Friday, 30 October 2015

Interview with Edinburgh Scupture Workshop

Edinburgh Sculpture Workshop: You have written about your interest in creation stories and the origins of the creative drive. What has been the starting point for making during your time on residency at the Edinburgh Sculpture Workshop?

Dillan & Eleanor: The very first thing we did was to make two armholes in a card board box, and put it over our head while modelling some clay, one box each and one lump of clay each. We didn’t have any idea for how it should turn out, it was just a way of exploring the material, and how to begin making something before an idea has formulated.

ESW: During your time here you have made further constructions with similar armholes that obstruct your reach and sight, prioritising a tactile encounter with lumps of clay. When you have finished working into the clay, taken the box off your head or walked around the screen, and seen what you have made, what do you do next?

D&E: That is a key question - what now? Where is the work? There is some thing like a performance in the making and something like a sculpture left over after that, but we felt that neither was really it, or that the work is somewhere in-between those things. So to answer the question: We weren’t really sure what to do next, because we weren’t really sure what we had done with the clay or what it was. We tried different things - writing and drawing, building up and breaking down the clay. We had a similar experience when we went on our trip to see the ancient sites. We didn’t really know what to do when we got there, and we didn’t really understand what they were, or even why we were there.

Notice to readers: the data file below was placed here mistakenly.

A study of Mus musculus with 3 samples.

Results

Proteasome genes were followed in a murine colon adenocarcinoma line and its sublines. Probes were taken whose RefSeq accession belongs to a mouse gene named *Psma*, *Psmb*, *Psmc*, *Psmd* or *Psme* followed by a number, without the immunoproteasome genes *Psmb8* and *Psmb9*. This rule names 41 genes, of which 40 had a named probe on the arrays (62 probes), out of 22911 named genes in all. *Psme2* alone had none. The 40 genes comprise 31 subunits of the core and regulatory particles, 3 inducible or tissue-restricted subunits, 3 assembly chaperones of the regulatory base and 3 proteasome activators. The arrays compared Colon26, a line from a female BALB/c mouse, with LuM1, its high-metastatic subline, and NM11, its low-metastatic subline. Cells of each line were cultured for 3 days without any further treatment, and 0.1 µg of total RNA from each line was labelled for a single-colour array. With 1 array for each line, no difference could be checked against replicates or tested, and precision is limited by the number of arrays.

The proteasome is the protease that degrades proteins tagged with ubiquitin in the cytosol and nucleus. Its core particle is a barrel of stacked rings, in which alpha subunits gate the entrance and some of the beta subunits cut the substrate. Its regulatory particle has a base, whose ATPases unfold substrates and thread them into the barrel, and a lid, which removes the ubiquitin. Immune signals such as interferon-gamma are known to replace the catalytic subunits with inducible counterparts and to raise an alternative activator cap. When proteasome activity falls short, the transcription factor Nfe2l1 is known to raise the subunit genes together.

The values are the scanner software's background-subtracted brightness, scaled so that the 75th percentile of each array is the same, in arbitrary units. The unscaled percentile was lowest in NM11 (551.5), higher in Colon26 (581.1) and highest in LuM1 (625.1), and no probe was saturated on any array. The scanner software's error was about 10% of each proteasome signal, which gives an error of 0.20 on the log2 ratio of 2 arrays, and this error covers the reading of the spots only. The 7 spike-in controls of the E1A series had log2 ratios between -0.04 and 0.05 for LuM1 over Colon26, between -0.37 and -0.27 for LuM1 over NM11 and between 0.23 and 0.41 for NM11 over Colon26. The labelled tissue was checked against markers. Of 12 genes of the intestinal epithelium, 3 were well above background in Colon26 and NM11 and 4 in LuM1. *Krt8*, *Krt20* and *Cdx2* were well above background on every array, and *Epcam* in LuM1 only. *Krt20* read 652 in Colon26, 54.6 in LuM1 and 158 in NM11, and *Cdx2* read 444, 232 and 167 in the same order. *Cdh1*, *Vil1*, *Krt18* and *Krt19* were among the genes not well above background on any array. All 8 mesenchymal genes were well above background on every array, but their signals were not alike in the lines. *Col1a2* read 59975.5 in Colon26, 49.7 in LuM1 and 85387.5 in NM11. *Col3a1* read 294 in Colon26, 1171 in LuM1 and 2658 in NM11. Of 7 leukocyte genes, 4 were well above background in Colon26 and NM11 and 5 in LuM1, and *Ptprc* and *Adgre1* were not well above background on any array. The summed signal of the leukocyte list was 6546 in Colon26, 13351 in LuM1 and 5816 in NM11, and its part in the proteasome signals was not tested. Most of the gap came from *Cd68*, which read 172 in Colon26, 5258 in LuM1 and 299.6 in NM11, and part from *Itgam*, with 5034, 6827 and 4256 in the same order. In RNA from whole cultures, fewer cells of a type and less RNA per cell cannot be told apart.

ESW: You have been writing about the sculptural experiments as a way to reflect upon them. Can you talk about how your writing functions within your practice and how it affects the decisions about the rest of the work you make in photography, film, drawing and with sound? Do you see writing as a way to negotiate the un knowns that arise in the making process?

D&E: It might not reveal what is unknown, but it can help to give clarity to those ideas or feelings that one is aware of when making the work, but that just pass fleetingly through the mind at the time, and may even seem inconsequential. It’s also a way to explore somebody else’s work – to really pay attention to what you are looking at and your response to that. It’s an attempt to focus on your encounter with the work, rather than what you think it ought to be about. As with all the other material we work with, such as photography, writing feeds back into what we are doing, as something to reflect upon, and as an element to combine with other things. It’s all potential matter for the constellation of stuff that makes up the work.